LOUISVILLE, KY (WAVE) - It's a call police get more than they would like - reports of people firing guns in their backyards, especially on holiday weekends. Louisville Metro Police are investigating one case of a teen who may have been randomly shot off Mount Holly Road in Fairdale over the Fourth of July weekend.
The shooting happened in a neighborhood where there are plenty of kids and according to people who live there, it's also where plenty of people fire their guns.
"It makes me very angry because there are small children around here," said Bobbie Bishop.
Bishop is a Mount Holly Road resident and she had a warning for her Fairdale neighbors - watch out for stray bullets.
"There was a hole in my leg," said Austin Mester, Bishop's 17 year old son.
Saturday night, Austin became a gunshot victim.
"I felt a cramp," Austin said, "but it felt like a bee sting at first."
Austin says he was running from his house to a nearby Dairy Queen to get picked up by a friend and his mom, but when got to a Cash Saver store on the way he felt what he thought was that bee sting or pulled muscle in his thigh. The next morning the pain hadn't gone away and Bishop noticed blood on the back of her son's pants.
"I was pretty scared," said Bishop who rushed her son to Kosair
Children's Hospital. X-rays clearly showed the bullet, which came from a .22 caliber weapon, but doctors told Bishop they couldn't take it out.
"They said it's too deep in his muscle tissue for them to take it out and it would cause more damage to his leg and more risk of infection if they tried to take it out," Bishop said.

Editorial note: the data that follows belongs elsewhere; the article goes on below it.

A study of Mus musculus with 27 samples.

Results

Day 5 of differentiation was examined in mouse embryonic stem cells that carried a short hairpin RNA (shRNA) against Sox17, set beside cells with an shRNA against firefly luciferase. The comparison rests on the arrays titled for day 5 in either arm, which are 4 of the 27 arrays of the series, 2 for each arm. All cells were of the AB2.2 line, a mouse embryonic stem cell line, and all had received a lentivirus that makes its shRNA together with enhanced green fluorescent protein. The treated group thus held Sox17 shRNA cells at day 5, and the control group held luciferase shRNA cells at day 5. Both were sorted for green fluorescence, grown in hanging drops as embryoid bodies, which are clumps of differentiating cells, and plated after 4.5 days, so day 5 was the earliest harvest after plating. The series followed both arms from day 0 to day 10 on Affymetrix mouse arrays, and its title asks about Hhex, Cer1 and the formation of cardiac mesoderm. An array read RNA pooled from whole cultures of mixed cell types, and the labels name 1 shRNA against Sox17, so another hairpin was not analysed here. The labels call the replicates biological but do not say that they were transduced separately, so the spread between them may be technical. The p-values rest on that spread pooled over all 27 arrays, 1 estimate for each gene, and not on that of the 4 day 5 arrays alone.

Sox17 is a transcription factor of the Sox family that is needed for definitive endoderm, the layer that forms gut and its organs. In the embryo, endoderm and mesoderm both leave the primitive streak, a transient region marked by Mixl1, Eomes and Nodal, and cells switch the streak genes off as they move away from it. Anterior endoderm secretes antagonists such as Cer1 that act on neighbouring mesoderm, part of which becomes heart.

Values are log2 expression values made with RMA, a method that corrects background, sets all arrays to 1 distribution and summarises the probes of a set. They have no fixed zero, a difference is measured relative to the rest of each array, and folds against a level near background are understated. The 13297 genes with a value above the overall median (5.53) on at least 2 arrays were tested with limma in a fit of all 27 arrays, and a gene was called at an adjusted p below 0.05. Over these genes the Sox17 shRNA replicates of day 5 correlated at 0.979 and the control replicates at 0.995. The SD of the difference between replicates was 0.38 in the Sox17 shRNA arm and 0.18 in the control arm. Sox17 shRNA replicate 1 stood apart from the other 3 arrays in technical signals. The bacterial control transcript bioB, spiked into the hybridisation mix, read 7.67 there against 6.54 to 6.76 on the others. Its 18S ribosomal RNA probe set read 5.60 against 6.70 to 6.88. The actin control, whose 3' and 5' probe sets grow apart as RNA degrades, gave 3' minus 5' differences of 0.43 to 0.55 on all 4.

"I hear fireworks and everything and I just thought it was a firework that went off at first," Austin said. "I don't know what guns sound like because I don't like guns."
Plenty of neighbors sounded off on the Fairdale Crime Watch Facebook page, many saying people fire guns off in the area often. While LMPD is still investigating the case to determine if it was random gunfire, they do warn the act of firing a gun in a neighborhood is serious and so is the punishment.
"It's very serious business because it's one step from maybe killing someone," said Dwight Mitchell, a LMPD spokesman. "Your intent may have been to shoot and have fun, "but it's never fun when you're shooting something that can take life."
Someone could face a charge of wanton endangerment.
"What goes up has to come down," said Bishop, "and there could have been a small child there, my son could have been dead."
Doctors have told Bishop that Austin will have that bullet in his leg for the rest of his life. Her family is just thankful it didn't cause any more damage to his health.